Alibris Secondhand Books Standard

Friday, April 06, 2007

talking past each other

In a recent blog, John the Methodist said that conservatives and liberals talk past each other when discussing the virgin birth, the resurrection and other doctrines.

It's true: Conservatives and liberals begin with different assumptions, and therefore cannot help but reach different conclusions. Is there a way around the impasse? I think so, but only if both sides are willing to reexamine the way we talk with each other about our faith.

The Bible is an ancient book, yet we read it through a modern (or postmodern) filter. One of the hallmarks of modernism is to pull things apart and analyze them in detail. This is a major reason our science far surpasses anything premodern people ever developed. We also trust in reason to a far greater extent than our ancient or medieval ancestors.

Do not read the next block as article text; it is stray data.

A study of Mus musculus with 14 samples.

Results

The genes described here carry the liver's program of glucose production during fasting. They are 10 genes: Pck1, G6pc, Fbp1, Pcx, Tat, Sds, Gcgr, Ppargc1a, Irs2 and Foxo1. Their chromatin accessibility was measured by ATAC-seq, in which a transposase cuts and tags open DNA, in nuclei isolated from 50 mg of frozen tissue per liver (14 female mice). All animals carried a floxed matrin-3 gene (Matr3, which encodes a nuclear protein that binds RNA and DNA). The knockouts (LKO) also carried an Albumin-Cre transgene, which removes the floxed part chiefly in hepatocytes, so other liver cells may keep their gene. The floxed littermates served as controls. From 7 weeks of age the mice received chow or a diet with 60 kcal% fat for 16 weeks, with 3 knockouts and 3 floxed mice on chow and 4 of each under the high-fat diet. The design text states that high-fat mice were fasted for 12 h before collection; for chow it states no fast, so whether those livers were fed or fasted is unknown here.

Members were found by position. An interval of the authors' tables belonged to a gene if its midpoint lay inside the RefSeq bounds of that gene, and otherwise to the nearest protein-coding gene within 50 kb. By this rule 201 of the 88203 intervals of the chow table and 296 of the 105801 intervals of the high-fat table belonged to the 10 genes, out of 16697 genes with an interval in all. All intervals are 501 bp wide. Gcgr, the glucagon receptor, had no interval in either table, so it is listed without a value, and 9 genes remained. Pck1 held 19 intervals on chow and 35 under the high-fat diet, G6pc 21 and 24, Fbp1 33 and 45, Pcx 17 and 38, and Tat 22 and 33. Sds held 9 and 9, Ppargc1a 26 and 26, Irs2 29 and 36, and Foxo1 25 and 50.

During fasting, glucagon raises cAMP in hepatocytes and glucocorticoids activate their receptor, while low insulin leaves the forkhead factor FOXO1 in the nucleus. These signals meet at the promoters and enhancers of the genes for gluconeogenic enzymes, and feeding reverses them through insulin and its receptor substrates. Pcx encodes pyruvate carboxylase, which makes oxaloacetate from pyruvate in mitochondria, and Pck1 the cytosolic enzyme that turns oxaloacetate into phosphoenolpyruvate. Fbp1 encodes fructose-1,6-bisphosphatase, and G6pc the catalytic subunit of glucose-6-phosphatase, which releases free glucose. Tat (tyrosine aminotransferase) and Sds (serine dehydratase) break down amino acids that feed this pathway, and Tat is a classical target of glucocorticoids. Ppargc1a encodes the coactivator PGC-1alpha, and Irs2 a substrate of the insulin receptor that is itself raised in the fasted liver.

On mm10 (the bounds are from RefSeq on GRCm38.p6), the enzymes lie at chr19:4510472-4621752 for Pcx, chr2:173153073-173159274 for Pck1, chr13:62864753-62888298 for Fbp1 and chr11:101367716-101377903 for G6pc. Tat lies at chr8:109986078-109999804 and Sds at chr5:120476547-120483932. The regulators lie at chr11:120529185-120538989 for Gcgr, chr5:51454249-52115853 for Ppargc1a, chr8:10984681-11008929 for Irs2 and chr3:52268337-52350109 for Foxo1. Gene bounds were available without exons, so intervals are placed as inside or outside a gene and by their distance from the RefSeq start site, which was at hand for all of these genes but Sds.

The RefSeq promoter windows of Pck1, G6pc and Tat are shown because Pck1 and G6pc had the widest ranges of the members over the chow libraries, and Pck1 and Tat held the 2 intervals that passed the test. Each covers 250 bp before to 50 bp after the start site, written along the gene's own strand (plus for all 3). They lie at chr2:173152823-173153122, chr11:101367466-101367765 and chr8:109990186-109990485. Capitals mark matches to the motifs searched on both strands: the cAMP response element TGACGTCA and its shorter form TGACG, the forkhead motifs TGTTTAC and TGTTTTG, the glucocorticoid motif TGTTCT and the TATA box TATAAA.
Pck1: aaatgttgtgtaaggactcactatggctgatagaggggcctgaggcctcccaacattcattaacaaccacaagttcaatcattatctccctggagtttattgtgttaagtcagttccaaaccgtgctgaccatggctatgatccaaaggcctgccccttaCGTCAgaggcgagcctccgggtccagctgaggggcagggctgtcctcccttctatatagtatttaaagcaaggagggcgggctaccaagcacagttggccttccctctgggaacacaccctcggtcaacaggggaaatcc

So even though we start with different assumptions, we still share a number of assumptions that would have been utterly foreign to the Bible writers.

A liberal might say that the resurrection is true, even if it is not factual. A conservative might counter that if it's not factual, it can't be true. To some extent I can see both sides. The truth of the resurrection goes far deeper than the bare fact of an empty tomb. At the same time, if the tomb was not found empty, why shouldn't the gospel writers just skip to the Upper Room? What other purpose can the tomb stories serve?

And yet, it seems to me the whole argument misses the point.

I have more to say about this, but I'm going to wait until Easter morning to post it.